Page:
The King and I" may not seem a likely story for animation, and turning the king into a damsel-saving superhero may strike some moviegoers as blasphemy, but producer James G. Robinson isn't all that concerned.
For the film executive, whose Baltimore-based Morgan Creek Productions has been putting out films since 1988, has a certain audience in mind. And if you've moved beyond middle school, you're not it.
"While we stay with the heart of the story, this film has been designed for basically children," Robinson says during an interview in Morgan Creek's Baltimore office. "What you have here is something that will work for children. Kids like the movie, little children like the movie. It's a film you can take a 3-year-old to."
Dressed comfortably in a flannel shirt and jeans, Robinson, 63, doesn't look the part of the Hollywood producer. There are no sunglasses, no carefully coiffed hair, no rapid-fire chatter. Just the calm, assured demeanor of a man in a high-risk business he understands and embraces.
"Everything I've done is risky," Robinson explains. "But I felt that if we kept a lid on costs [the film came in at around $60 million] and we put out a good film, people would come."
"The King and I" is the latest movie in an 11-year span that has seen Morgan Creek delve into genres from westerns ("Young Guns") to horror ("Dead Ringers") to comedy ("Ace Venture: Pet Detective") to family-oriented drama ("Wild America").
All of which makes Morgan Creek films hard to characterize. And Robinson wouldn't have it any other way.
"Morgan Creek has not stayed with any particular genre," he says. "We're all over the place. Frankly, I find that enjoyable. And challenging; just when you have a system worked out, we jump to something else."
A native of Maryland's Eastern Shore, Robinson moved to Dundalk at age 5. A 1959 graduate of the University of Maryland, Robinson tried on several hats before settling into the role of movie producer. After stints in the Army and as a professional photographer, he started a business cleaning cars being unloaded at the Port of Baltimore and adding minor options, such as undercoating and sunroofs.
In 1975, he bought a bankrupt Subaru distributorship and turned it around; by the time he sold it in 1988, the Chicago-based company was distributing cars and parts to 94 dealers throughout the Midwest.
His foray into films began in 1979, at the urging of attorney Paul Ziffren, a friend from Los Angeles. He learned the ropes by working in development and finance. His first credit was as co-producer of the 1984 film "The Stone Boy," with Glenn Close, Robert Duvall and Frederic Forrest.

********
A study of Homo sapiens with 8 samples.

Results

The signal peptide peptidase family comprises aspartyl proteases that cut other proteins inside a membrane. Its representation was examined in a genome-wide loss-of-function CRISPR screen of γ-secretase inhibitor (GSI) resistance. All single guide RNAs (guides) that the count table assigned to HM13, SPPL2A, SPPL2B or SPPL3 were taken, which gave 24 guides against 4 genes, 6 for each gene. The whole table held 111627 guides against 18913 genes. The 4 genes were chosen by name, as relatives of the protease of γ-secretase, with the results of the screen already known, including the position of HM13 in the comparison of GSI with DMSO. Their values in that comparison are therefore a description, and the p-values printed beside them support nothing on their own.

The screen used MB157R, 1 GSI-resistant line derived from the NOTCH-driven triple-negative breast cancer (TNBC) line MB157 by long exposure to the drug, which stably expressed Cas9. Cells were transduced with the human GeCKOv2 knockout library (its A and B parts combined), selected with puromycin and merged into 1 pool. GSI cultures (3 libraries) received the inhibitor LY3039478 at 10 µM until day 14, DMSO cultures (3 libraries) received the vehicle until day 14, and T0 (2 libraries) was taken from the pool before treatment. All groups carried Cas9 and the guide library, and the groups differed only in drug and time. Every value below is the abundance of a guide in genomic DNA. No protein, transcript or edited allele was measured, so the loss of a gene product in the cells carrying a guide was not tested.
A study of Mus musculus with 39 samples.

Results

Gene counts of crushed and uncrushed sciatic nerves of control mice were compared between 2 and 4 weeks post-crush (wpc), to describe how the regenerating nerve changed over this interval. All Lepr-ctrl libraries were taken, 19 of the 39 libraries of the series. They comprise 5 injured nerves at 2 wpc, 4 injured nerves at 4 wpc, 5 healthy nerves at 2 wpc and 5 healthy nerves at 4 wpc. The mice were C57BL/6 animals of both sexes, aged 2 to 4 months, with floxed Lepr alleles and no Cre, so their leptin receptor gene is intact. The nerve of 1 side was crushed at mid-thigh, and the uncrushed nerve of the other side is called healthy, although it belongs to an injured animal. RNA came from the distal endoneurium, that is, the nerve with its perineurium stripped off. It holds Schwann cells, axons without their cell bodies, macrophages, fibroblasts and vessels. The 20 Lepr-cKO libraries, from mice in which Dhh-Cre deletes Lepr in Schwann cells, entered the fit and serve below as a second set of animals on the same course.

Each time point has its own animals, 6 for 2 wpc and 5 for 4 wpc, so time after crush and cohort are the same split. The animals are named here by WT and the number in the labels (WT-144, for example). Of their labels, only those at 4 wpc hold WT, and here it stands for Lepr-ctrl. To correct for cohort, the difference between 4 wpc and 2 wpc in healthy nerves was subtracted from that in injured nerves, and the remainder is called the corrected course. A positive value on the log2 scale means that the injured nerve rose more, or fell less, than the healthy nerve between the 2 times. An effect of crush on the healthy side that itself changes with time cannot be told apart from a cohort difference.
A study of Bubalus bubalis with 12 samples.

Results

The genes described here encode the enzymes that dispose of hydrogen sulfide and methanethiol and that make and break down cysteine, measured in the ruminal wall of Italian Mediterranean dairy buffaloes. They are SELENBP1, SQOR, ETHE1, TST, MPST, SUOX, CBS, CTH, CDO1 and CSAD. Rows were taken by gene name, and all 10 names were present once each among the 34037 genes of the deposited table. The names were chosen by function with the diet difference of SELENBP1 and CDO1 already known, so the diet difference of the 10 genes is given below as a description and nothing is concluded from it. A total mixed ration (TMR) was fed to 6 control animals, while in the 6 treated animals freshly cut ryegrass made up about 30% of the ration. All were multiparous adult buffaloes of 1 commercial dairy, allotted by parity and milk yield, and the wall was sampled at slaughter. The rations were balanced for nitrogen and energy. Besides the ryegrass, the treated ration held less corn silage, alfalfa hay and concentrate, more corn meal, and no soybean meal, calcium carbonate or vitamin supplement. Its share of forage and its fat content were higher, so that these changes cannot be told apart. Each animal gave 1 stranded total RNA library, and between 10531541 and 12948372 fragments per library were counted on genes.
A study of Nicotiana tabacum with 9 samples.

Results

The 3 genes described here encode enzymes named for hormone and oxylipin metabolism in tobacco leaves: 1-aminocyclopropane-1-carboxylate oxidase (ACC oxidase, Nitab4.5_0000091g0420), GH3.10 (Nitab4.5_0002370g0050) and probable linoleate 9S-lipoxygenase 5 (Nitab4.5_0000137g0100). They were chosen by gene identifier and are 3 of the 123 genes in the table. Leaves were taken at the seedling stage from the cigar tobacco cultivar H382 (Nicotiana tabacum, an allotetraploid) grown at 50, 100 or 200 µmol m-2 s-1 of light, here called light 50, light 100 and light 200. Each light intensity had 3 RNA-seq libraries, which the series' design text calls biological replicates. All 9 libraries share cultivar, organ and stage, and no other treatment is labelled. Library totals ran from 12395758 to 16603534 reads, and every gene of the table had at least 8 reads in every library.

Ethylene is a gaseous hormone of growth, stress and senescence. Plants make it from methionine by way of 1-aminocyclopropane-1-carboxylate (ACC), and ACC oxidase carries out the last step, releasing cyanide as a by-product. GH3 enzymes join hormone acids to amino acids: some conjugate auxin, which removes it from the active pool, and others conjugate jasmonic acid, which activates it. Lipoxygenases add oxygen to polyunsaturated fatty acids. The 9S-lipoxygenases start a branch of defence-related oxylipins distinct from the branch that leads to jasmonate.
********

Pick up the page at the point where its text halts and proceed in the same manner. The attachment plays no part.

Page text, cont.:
Moviemaking, Robinson says, allows him to draw on the talents he's acquired, from photography to salesmanship to running a business. And that's why he got into films in the first place: not because of some romantic notion about Hollywood, but because he saw it as a good business opportunity.
"To me, movies are a great business to be in financially. All the skills that I have developed have all come together. Making movies is management, taste, visual. ... There are a lot of things that come together when you're making movies."
"I really worked and studied the business," he says of those early days on the Hollywood scene. "I was determined not to go into the business, like so many other people, and leave considerably lighter; I was determined not to lose money."
He didn't. In 1988, he and partner Joe Roth (who would go on to head Disney) formed Morgan Creek, taking its name from Preston Sturges' 1944 comedy, "The Miracle of Morgan's Creek."
"We wanted an American name," he says, "something that was very American and something that involved a well-known American director. 'Morgan Creek' is as American as you can get. ... You never hear the word 'creek' anywhere else in the world."
Morgan Creek's first major success came with 1991's "Robin Hood: Prince of Thieves," director Kevin Reynolds' take on the lads and lasses of Sherwood Forest, with Kevin Costner as the guy who made a legend robbing from the rich and giving to the poor. The film would end up bringing in more than $400 million worldwide.
Plenty more films followed, including 1993's "True Romance" (with a script from Quentin Tarantino); the original "Ace Ventura" film in 1994 and its sequel, "Ace Ventura: When Nature Calls," the following year; 1994's "Major League II," a sequel to 1989's "Major League" (both shot in Baltimore); and 1996's "Diabolique," starring Sharon Stone and Isabelle Adjani in a remake of the 1955 French classic.
Robinson remains committed to the Baltimore area, where he and his wife of 35 years, Barbara, raised a family of five children, who range in age from 21 to 33. He still lives in Lutherville, about as far from the West Coast -- physically and psychologically -- as you can get. In a typical work week, he flies to Los Angeles Wednesday morning and returns to Baltimore Friday night.